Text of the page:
In my class on Tacitus, we’re doing a lot of ‘what’s really going on in Tacitus’-talking, a large portion of which proceeds from basic assumptions about either the author himself or ancient historiography in general. Yet these assumptions have been insufficiently established imo.
For instance, the editors of our primary text have an introductory essay on ancient historiography which runs roughshod over the explicit aims of the ancient historians themselves and asserts, despite the contrary primary evidence, the old tired line about the difference between ancient history and ‘modern history.’ Yet here the editors go further than simply suggesting that these performed history poorly and unobjectively (unlike modern history, clearly), as goes the common – and sometimes correct – assertion, and argue, based nearly exclusively on some passing remarks on the rhetorical style of history in Cicero(!) , that history was intended to be quite loose with respect to ‘facts’ and serves more as moral instruction.
Now, I have no objection whatsoever to examining whether in performance any historian, ancient or modern, is able to stick to their principles – they may say they value a certain style of history yet fail on purpose or accident to do thus – but there’s gotta be something like an honest assessment of the primary work to bear it out, one that relies more strongly on the explicit aims and methods of history according to how the historians describe their work, rather than a convoluted meta-hermeneutic that reads over these passages a reading-into the performance of their histories. As if all the talk of historiographical method in these authors was just a purposeful misrepresentation of what they were really getting at, which, to understand properly, one must ignore instead for a reading-between-the-lines approach that will at long last finally lay bare their true purposes. According to this method, ancient history was really a puzzle game for those in the know. Anyone who thought they were trying to report things that actually happened is a pathetic knucklehead (though if they could read and have access to Tacitus, they couldn’t have been that stupid!) who has missed the point.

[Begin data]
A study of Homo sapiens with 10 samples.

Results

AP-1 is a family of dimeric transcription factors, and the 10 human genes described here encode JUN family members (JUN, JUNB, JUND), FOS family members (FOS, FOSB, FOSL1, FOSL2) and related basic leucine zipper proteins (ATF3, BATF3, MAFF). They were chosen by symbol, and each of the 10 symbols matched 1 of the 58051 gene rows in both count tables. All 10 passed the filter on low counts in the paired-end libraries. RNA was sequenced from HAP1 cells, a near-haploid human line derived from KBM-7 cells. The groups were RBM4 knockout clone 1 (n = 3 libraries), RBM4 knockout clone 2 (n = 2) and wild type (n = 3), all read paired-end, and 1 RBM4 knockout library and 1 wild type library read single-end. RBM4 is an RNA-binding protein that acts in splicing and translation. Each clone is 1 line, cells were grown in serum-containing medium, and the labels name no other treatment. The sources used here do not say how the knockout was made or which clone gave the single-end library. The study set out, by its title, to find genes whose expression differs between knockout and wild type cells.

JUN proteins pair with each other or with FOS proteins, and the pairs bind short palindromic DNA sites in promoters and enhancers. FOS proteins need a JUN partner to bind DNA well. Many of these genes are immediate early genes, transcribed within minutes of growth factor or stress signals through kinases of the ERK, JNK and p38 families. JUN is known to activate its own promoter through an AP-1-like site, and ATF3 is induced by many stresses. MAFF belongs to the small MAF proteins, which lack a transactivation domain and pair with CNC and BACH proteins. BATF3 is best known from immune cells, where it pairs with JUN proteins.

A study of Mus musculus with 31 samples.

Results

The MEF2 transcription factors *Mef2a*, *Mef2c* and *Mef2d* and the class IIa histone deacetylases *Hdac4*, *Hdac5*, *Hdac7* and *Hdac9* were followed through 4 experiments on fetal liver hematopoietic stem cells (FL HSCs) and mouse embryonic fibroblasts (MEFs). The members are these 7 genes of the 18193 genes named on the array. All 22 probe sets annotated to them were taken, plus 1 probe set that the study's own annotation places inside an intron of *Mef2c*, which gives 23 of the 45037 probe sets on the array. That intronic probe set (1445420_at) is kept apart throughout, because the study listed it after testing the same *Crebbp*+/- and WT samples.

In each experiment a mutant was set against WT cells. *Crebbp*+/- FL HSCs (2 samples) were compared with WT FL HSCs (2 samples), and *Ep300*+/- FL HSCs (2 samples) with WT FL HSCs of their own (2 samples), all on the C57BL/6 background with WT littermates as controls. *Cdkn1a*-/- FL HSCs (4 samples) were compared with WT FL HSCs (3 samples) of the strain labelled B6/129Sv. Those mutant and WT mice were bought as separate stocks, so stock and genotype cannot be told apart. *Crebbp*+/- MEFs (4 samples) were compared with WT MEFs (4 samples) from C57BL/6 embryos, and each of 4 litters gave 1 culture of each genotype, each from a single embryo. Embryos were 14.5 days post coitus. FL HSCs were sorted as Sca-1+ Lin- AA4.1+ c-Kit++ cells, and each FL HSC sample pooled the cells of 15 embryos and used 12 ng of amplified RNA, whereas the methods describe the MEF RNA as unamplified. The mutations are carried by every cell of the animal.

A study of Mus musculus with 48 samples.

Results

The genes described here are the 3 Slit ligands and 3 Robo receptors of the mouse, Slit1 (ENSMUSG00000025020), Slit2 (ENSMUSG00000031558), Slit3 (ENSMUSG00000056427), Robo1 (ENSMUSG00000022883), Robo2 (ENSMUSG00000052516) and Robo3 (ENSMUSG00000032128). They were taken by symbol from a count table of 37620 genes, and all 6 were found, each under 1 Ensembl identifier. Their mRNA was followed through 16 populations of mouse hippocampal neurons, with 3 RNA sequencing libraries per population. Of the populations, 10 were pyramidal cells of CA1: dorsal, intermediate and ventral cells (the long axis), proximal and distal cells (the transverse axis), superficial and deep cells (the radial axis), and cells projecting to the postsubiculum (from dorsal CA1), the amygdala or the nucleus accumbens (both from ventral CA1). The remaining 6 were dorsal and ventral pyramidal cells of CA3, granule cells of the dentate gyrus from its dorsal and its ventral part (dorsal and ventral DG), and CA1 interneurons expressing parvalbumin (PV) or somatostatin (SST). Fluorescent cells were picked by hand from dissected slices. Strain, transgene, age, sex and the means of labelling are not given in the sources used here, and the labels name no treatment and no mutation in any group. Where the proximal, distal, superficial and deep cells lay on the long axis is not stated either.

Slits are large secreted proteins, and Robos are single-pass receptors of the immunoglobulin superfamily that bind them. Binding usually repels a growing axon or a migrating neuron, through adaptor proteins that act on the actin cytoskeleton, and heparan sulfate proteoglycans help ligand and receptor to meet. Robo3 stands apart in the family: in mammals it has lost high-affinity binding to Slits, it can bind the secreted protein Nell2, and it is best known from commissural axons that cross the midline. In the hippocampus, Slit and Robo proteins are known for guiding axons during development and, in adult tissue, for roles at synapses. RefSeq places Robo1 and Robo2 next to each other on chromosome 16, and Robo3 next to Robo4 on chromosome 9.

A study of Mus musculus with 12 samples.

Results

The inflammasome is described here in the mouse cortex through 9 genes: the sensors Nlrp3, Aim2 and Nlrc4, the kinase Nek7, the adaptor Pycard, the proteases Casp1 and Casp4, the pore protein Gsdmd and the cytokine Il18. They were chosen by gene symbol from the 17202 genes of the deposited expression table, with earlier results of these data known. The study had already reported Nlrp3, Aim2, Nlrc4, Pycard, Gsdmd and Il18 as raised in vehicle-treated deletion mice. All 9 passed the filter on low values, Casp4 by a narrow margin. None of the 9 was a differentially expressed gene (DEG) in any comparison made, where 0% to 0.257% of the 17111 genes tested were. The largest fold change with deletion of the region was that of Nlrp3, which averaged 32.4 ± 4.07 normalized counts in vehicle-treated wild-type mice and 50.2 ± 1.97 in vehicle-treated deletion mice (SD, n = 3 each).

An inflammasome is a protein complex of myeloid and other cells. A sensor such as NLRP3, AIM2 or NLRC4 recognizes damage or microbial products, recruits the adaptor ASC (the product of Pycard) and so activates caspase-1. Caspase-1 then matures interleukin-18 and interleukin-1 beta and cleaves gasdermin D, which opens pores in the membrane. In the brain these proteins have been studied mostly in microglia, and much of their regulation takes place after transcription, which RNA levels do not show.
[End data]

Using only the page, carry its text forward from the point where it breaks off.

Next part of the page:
The same goes for certain styles of biblical criticism as far as I’m concerned. For instance with regards to some of the wild claims about the genre of the Gospels and Acts. Thankfully we have works like Samuel Byrskog’s Story as History – History as Story: The Gospel Tradition in the Context of Ancient Oral History, or Richard Bauckham’s important Jesus and the Eyewitnesses: The Gospels as Eyewitness Testimony to illuminate more properly just what these historians were saying about the work they were doing. Here again, as in establishing critical texts or in giving historical-grammatical examinations, biblical studies blazes ahead for Classics.